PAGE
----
Walking Through Fire: The Later Years of Nawal El Saadawi (2nd Edition)

Walking Through Fire: The Later Years of Nawal El Saadawi (2nd Edition)

Nawal El Saadawi

Language: English

Pages: 305

ISBN: B00Y35152A

Format: PDF / Kindle (mobi) / ePub


Title note: original title Walking Through Fire: A Life of Nawal El Saadawi
Author note: Rebecca Walker (Forward)
Publish Year note: First published July 5th 2002 by Zed Books

Nawal El Saadawi has carved a place for herself in the universal struggle against oppression. "Words should not seek to please, to hide the wounds in our bodies, or the shameful moments in our lives," she says. "They may hurt, give us pain, but they can also provoke us to question what we have accepted for thousands of years."


arms or to give first aid, used to gather around the radio several times during the day and listen to the foreign broadcasts. One of the young guerrilla trainees from Kafr Tahla clashed with Captain Ala’a and decided to go to the front in Port Said without waiting for instructions. Captain Ala’a went after him, arrested him at the Benha railway station and handed him over to the police. They beat him for three successive days in the police cell where he was kept, then released him. He came back

of Eve (Zed Books, 1980). * ‘Balbala’ – Babel in Arabic means ‘to confuse’. * Meaning an early death. * In Egypt people of one family are buried in a single big grave with a dome-like tomb built over it. However, the men are buried separately from the women. * Pastry cakes are distributed to the poor when relatives visit the deceased in the cemetery and visitors may partake of them – one of the traditions related to mourning the dead. * Lady or Mistress Aisha, the wife of the Prophet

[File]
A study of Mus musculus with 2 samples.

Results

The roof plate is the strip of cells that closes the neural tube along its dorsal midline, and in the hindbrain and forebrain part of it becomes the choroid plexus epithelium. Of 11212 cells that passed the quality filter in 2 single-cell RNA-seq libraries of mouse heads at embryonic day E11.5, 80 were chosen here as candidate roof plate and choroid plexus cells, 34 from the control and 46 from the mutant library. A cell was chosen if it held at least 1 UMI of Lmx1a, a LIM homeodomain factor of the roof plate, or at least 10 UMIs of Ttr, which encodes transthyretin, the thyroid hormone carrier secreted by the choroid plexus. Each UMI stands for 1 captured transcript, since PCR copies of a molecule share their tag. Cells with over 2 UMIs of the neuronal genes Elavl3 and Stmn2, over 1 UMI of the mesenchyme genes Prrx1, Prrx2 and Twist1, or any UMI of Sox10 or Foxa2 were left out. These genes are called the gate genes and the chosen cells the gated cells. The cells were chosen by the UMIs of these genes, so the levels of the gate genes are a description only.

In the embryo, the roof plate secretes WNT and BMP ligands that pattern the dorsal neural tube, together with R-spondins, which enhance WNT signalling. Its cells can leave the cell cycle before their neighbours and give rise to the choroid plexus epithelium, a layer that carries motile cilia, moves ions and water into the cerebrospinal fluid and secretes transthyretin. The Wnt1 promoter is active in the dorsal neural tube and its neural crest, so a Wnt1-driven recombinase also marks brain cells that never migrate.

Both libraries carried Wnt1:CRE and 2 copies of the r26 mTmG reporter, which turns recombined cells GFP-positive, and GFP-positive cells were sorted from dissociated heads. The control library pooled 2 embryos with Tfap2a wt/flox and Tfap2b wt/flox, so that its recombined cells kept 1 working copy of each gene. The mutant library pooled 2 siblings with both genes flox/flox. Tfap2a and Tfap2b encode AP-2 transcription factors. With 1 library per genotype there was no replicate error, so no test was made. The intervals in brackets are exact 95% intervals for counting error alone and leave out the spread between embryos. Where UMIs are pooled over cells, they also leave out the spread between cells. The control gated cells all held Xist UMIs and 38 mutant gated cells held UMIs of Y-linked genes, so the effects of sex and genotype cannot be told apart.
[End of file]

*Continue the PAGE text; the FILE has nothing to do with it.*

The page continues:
says we’re already in the year 2000?’ My body floats up on the bed. I feel as though I am swimming in space and time. Time is passing and here I am lying under the bed covers, trying in vain to sleep. It is as though I have forgotten how to sleep. I try in vain to write. It is as though I have forgotten how to write. Sherif is sleeping by my side. He left his bed in the other room and came to me. We talked with one another for a while. He is writing a new novel, but I am unable to write. He

disposal against him. But I owned nothing. Even the three-roomed flat in which we lived was rented and did not belong to us. It accommodated our daughter and son in separate rooms, whereas Sherif and I shared a room in which we slept and worked. ‘This hirasa is to protect your life,’ they said to me when I joined them in the hall. ‘To protect my life?!’ ‘Yes.’ ‘From what?’ ‘I do not know. I was ordered to inform you that the authorities will appoint guards to protect you and that is all.’